By: Jennie Kermode - Updated: 11 Jul 2011 | comments*Discuss
Lupus Hair Loss Autoimmune Disease

Lupus is a chronic illness which can have damaging effects on many parts of the body as the immune system targets the body's own cells. What many people don't realise is that it can also cause Hair Loss. In fact, this is often one of the first symptoms to appear, and it's one of the reasons why unexplained early onset hair loss should be discussed with your doctor. So how does hair loss happen in lupus, and what, if anything, can you do about it?

Hair Loss Caused by Lupus

Almost half of people with lupus suffer from hair loss at some point during their illness. The good news is that the worst of it usually occurs early on, so by the time you have a diagnosis it's unlikely to get drastically worse. It usually causes fairly even thinning of the hair, and it's very rare for all the hair to fall out.

Hair loss caused by lupus happens for three main reasons:

  • The immune system attacks the hair follicles. This can happen without any pain, so the first you may know of it is that you start finding more hair coming loose when you brush or shower. Because follicles may weaken without actually dying, switching to gentler hair care products and brushing rather than combing can help, as can switching to a shorter style that puts less stress on the roots.
  • The immune system attacks the skin on the scalp. This is usually itchy and sometimes painful. A friend examining your scalp will be able to see a reddish rash. You may find flakes of skin coming loose. Talk to your doctor about your treatment options. Untreated, this can lead to patchy hair loss, especially if you scratch. Try tapping instead of scratching, as it should soothe the itch.
  • The hair receives inadequate nutrition due to poor general health. Often lupus sufferers also have gastric problems which can lead to poor absorption of vitamins and minerals from food. In this situation, the body treats the production of healthy hair as a low priority. Your local Well Woman or Well Man clinic can advise on how to change your diet to improve your hair, and your health.

Hair Loss Caused by Lupus Medication

If all that sounds bad enough, I'm afraid there's more – many lupus patients, including those who don't suffer from hair loss caused by the disease, experience Hair Loss Caused By Their Medication.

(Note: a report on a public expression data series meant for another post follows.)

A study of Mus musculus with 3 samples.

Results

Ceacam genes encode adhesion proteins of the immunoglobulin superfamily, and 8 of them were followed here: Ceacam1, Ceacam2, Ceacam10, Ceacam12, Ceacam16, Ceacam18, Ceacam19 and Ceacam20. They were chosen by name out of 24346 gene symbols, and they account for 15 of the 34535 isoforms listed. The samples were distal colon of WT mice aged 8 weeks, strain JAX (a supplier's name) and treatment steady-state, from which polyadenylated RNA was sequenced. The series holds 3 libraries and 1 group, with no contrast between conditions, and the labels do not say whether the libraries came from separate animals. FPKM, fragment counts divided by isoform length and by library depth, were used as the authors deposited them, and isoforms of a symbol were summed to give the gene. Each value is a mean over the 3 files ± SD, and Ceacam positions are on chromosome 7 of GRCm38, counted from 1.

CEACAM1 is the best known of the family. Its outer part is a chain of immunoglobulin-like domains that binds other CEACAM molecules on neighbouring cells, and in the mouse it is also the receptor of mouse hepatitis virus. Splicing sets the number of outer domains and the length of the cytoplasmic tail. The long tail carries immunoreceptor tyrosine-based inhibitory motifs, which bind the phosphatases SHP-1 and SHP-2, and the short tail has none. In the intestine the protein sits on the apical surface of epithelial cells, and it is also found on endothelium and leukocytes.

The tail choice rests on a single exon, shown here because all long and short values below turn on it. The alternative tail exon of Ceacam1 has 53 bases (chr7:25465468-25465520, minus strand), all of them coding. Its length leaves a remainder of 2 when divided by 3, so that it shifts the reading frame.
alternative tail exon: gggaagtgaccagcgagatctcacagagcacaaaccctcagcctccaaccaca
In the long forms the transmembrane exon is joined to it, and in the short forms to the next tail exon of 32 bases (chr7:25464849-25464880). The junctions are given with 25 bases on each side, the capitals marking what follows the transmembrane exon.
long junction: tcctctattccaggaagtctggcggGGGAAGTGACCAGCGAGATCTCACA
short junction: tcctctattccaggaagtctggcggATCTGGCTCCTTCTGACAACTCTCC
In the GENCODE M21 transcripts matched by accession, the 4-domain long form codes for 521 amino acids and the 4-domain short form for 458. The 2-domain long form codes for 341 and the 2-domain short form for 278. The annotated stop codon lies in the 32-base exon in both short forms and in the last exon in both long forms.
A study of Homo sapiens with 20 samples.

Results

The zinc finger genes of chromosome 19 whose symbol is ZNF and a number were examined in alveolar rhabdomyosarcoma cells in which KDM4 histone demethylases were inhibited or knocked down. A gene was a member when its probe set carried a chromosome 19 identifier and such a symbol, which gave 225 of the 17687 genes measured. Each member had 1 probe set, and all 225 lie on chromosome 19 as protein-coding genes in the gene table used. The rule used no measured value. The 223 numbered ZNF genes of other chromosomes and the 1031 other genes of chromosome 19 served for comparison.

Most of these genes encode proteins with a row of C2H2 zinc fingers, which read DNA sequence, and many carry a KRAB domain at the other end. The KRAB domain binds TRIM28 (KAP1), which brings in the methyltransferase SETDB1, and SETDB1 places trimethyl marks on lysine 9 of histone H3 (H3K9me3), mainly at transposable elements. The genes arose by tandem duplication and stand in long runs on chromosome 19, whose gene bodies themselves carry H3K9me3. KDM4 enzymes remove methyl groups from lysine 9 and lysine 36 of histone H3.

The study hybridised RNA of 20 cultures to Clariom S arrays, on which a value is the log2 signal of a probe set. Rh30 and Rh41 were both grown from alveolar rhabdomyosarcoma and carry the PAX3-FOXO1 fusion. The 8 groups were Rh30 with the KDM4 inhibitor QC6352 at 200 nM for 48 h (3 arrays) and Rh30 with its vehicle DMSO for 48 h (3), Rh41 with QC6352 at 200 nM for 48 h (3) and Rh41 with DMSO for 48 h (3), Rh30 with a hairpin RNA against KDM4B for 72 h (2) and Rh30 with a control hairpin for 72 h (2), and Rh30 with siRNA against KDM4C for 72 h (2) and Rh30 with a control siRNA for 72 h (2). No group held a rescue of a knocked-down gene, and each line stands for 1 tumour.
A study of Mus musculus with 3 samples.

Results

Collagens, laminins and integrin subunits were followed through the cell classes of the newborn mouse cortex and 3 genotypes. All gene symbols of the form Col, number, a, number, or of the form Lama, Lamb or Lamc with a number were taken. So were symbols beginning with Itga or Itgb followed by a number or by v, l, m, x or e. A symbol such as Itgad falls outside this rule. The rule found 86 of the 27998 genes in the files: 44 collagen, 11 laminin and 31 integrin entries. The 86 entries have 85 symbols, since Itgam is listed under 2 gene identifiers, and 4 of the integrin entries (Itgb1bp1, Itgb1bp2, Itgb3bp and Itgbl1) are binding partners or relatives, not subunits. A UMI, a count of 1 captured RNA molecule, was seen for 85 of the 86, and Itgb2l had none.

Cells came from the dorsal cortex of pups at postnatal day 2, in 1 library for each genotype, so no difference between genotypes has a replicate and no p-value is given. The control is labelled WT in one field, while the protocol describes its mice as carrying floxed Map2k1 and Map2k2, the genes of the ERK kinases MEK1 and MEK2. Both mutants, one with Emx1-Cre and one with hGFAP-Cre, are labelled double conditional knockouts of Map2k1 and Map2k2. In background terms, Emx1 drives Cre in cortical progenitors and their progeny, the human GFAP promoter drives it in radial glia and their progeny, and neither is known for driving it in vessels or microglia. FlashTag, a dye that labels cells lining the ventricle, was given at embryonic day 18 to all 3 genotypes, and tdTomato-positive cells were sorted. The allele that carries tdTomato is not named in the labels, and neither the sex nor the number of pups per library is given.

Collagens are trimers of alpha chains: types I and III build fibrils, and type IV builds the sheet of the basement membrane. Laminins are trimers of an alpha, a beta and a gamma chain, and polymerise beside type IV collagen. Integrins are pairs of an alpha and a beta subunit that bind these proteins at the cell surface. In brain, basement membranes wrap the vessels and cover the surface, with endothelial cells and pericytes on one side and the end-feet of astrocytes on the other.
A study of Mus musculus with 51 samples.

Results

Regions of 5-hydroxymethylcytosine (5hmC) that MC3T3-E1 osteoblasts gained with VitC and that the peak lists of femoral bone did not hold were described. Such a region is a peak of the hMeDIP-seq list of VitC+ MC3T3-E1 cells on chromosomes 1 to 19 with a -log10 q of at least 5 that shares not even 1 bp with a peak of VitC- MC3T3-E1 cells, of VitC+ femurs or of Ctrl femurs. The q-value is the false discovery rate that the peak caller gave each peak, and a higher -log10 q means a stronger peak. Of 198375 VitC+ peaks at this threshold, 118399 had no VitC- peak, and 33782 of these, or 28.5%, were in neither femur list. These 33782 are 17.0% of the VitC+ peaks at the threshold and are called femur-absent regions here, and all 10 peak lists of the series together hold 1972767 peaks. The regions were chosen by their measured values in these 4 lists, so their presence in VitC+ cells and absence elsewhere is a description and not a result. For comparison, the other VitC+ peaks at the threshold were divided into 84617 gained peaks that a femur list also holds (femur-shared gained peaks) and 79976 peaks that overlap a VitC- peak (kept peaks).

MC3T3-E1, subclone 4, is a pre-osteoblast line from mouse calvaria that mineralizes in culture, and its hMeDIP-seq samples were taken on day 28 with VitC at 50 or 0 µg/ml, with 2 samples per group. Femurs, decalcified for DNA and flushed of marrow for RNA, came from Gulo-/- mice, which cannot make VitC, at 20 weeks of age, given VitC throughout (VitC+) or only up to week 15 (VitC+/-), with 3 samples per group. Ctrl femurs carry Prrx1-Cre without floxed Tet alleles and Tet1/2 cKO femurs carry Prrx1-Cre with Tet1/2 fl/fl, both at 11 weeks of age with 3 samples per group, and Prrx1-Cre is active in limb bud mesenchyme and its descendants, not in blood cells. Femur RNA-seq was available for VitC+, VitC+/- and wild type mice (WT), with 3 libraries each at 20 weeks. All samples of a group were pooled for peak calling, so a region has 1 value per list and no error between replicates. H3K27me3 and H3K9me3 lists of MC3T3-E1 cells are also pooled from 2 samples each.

There are several different routes to treating lupus (all aimed at managing the symptoms, as there is presently no cure). Doctors have to try to find the right one for each individual patient. To do this, they need to know how the patient prioritises their treatment. If hair loss is a big issue for you, don't be afraid to mention it. It might not seem as serious as, say, joint pain, but if it causes you ongoing distress, then your doctor will want to take it into account.

The good news is that many patients will be able to switch to other forms of medication which are kinder to their hair. Most lupus patients need to take steroids at some point, and these can be hard on the hair, but your doctor will want to minimise your steroid intake anyway, to protect your general health. The important thing is to keep talking about it.

Some people with hair loss caused by lupus find that going on medication to treat their other symptoms solves that problem, too. Where medication causes hair loss, the effect often becomes less severe over time.

Protecting your Hair

If you're worried that your hair is thinning because of your lupus, you may be tempted to try a hair restoration product like rogaine or finasteride. It is very important that you do not do this without talking to your doctor. Because of the way hair restoration products of this type affect your hormone balance, they may actually make your lupus worse. They may also interact badly with your prescribed medication.

Some ointments used to treat a damaged scalp, including natural ointments containing tea tree oil, contain natural steroids, so they should be used with caution if you are also taking prescribed steroids (although you put them on the outside of your body they can still seep through and enter your bloodstream). Tell your doctor before starting a treatment like this.

The best way to protect your hair if you have lupus is simply to give it lots of care and attention. Many people find that moisturising shampoo helps, and Gentle Scalp Massages can contribute to keeping the follicles and skin on your scalp in good condition.